A veteran’s call for peace
The April 25, 1945, meeting of Allied U.S. and Soviet troops at the Elbe River, Torgau, Germany. Voltairenet.org

If you studied the mien of the men, you could tell the war was over. The lines of tension in faces were gone, the lurking fears that clouded eyes were gone, the cautious gaits were gone. Aided by a decent supply of “liberated” liquor, the men walked with abandoned swaggers and the perpetual laughter seemed to say, “I made it! I’m alive!”

Our unit was housed in a little town which sat on the Elbe River, some 50 miles south of Magdeburg. We had commandeered the best houses in town and “asked” the German occupants to move out and double up with friends until we left. For the first time since we left England for the Omaha Beach landing in Normandy on D-Day +2, we slept in beds between sheets. Life was sweet. The slaughter had ended – yet its tragedies lingered on.

We soon learned that the town was a major crossing point for repatriating liberated slave laborers and prisoners of war whose homelands were east of the Elbe. The town was a good staging area for such a crossing since the river narrowed considerably at this point. In a few days, U.S. and Red Army engineers had thrown up pontoon bridges across the quiet river, about 100 yards apart.

The word was that the bridge our engineers had built was called the J.V. Stalin Bridge and the one the Soviet army men constructed, the F.D. Roosevelt Bridge. Was it true? It didn’t matter. Our men believed it to be so because they wanted to believe it. The war had brought our two peoples close, and, even though we never met Soviet soldiers, we knew of their unforgettable feats and they dwelt in our hearts like brothers.

The morning of repatriation rose warm and dry. Thousands were expected and that morning dozens of our men, myself among them, climbed a steep bluff above the flatlands that rolled down to the river. From this vantage point we could watch our liberated friends gathering to cross the bridges.

Soon the trucks began to arrive with their precious cargoes pouring out men, women and children. Many, emaciated and in rags, rushed toward each other, embraced, kissed and wept. Hundreds quickly grew to thousands. The shrieks and shouts rose louder and louder, reaching a deafening pitch.

As each truck arrived it hurled huge swirls of dust into the air, which seemed to dance in tune with the unbounded joy of the people. Finally, organized lines of 15 to 20 abreast formed in front of the bridges. From “nowhere” banners and flags appeared and floated above the crowd. Suddenly, as though on signal, backs straightened, shoulders squared, and the mighty throng surged forward,

A babel of shouts and songs tore at the sky while on the other side of the Elbe, lined up and down the river bank as far as the eye could see, were thousands of cheering Red Army men. Hurrah! Hurrah! over and over; like thunder it rolled across the river to embrace their returning kin. Life had triumphed over death!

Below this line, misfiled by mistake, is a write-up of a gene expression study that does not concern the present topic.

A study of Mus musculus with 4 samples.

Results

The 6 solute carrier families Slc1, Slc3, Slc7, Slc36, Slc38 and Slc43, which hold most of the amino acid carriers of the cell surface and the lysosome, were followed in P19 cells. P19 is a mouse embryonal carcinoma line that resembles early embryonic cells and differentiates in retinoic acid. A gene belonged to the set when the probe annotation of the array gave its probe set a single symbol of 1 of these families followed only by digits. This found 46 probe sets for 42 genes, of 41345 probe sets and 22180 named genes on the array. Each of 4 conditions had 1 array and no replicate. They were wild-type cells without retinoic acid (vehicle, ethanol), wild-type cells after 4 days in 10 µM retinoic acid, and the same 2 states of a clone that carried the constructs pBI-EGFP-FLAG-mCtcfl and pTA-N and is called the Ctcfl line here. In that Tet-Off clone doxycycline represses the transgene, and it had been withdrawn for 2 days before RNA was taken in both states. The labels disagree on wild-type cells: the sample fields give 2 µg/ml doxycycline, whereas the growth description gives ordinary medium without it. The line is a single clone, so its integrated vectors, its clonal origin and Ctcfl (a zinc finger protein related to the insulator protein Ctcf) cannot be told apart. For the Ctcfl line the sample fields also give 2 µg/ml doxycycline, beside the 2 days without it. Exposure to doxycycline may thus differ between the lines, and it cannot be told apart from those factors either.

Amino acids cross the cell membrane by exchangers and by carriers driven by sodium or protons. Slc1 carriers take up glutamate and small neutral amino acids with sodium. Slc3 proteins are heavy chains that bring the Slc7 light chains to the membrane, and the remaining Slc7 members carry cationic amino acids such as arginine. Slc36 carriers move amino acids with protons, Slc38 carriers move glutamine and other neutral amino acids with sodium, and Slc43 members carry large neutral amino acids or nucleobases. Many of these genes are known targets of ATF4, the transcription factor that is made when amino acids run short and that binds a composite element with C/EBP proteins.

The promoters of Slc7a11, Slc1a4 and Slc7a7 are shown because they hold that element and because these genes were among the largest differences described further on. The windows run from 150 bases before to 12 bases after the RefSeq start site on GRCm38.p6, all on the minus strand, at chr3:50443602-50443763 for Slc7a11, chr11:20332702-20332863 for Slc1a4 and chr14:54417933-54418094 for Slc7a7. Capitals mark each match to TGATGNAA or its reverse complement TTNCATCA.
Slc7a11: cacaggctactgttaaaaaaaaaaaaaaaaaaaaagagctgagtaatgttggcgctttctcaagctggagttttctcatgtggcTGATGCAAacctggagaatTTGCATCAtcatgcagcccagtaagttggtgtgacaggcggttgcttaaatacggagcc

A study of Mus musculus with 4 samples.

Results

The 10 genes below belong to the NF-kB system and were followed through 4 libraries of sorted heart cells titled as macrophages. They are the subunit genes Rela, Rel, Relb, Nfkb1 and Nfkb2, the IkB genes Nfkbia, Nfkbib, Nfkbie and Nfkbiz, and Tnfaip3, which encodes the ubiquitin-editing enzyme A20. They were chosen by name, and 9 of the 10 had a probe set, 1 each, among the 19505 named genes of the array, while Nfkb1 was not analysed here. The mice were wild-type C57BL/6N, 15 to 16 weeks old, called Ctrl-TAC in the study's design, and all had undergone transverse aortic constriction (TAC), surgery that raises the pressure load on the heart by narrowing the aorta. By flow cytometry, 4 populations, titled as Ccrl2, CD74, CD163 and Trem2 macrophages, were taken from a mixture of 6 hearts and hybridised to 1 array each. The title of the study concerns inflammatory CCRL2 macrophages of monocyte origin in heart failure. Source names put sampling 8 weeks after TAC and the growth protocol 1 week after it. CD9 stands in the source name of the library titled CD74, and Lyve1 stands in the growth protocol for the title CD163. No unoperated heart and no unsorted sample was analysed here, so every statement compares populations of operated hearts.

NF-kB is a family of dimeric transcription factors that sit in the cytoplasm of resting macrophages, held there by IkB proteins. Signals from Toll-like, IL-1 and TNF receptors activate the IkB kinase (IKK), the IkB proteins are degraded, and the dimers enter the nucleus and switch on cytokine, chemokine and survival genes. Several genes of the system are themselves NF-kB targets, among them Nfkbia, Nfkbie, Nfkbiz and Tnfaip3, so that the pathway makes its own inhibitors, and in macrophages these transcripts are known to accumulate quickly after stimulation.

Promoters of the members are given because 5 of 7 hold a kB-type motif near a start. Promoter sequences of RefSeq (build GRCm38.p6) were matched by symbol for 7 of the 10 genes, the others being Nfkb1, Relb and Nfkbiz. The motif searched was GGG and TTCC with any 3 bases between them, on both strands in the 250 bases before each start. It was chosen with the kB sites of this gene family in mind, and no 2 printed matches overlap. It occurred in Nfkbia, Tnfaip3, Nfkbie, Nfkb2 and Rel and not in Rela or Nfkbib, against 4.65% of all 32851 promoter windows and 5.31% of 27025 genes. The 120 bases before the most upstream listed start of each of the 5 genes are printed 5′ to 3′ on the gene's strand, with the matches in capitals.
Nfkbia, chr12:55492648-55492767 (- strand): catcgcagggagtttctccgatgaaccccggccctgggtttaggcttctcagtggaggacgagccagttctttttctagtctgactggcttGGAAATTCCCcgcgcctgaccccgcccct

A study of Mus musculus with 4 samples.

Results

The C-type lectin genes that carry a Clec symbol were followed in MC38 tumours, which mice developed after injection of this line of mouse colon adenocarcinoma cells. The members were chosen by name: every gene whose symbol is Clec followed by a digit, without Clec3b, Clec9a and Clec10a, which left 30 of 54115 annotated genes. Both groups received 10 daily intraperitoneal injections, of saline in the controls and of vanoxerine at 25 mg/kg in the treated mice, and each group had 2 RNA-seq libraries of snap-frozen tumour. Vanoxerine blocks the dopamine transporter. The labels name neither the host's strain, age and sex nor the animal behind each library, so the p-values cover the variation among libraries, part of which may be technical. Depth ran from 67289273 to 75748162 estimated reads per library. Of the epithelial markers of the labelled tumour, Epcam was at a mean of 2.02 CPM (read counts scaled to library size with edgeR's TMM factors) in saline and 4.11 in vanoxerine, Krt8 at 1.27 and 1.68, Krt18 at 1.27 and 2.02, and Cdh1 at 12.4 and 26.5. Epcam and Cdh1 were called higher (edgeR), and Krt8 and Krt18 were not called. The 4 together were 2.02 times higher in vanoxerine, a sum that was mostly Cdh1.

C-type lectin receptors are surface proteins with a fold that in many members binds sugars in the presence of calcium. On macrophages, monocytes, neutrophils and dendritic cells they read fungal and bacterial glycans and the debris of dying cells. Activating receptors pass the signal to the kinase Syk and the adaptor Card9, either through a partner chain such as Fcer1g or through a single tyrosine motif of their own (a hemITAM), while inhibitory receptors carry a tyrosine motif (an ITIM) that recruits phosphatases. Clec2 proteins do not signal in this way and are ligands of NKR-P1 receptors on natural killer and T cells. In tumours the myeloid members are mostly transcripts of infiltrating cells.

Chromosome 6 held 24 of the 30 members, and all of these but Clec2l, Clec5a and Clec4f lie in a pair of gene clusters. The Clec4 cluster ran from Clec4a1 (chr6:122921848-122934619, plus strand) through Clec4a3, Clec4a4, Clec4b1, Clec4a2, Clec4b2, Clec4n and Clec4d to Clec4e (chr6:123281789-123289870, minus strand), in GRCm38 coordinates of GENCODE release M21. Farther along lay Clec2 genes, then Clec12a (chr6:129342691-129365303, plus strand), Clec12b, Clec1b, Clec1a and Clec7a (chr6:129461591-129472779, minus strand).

The moment was overwhelming; I could not hold back tears. I turned and looked at the men about me. They were weeping. Some wept with screwed-up faces, gargoyle-like, fighting but failing to hold back tears, as though to weep were beyond the bounds of masculinity. Some wept with open mouth, soundless shouts of joy, while tears flooded their cheeks and neck and soaked their collars. Some sobbed audibly.

Monument to the April 25, 1945, meeting of Allied Soviet and American troops at the Elbe River, Torgau, Germany. By AlterVista, CC BY-SA 3.0, Wikimedia.

There we stood that brief moment, locked together by such incredibly deep emotions which the suffering of war had swept to the surface, shaping our common humanity!

After a while the weeping stopped and we stood there silent, perhaps surprised and embarrassed by our naked feelings. Then some men tripped off the bank back to barracks. After some hours almost all were gone, back to simple soldier pleasures.

All day and into dark the columns marched. Finally we all left the bluff. At supper few words were said and the unusual silence was loud and strange; the lumps in our hearts were still too large for words.

The men who stood upon the river’s bank that day have long forgotten what they saw and how they felt. Life’s daily struggle eats up so much of the past. Yet I hope with all my heart that it stayed with them as it stays with me.

The Elbe was quiet then. Only ships in peaceful trade plied its currents. The flag of peace had been mounted on its banks and a great German working-class power stood guard. The passing years have not dimmed my vision of that day. I see it yet, again and again.

And then in my mind’s eye it reappears. I see the liberated throngs rushing toward the bridge. I see the luminous tearful eyes. I hear the ascending thunder of the great hurrahs crossing the expanses of the Elbe. And the tens of thousands of singing, shouting, marching, joyous voices crying out, “Homeland … I’m coming … dear homeland.”

It is said that war makes beasts of men. I say the most bestial of men make war. Damn the imperialist war-makers! Peace-loving humanity must sweep them from the face of the world! The guns and bombs must be silenced forever!



Lou Diskin
Lou Diskin

The late Lou Diskin was a World War II veteran and held district and national leadership positions in the Communist Party U.S.A. for many years. He was a carpenter, book publisher and seller, educator, and political leader. He was admired for his wisdom, modest character, deep concern for the well-being of all around him, and his daily humorous story. He was well-read in literature as well as politics.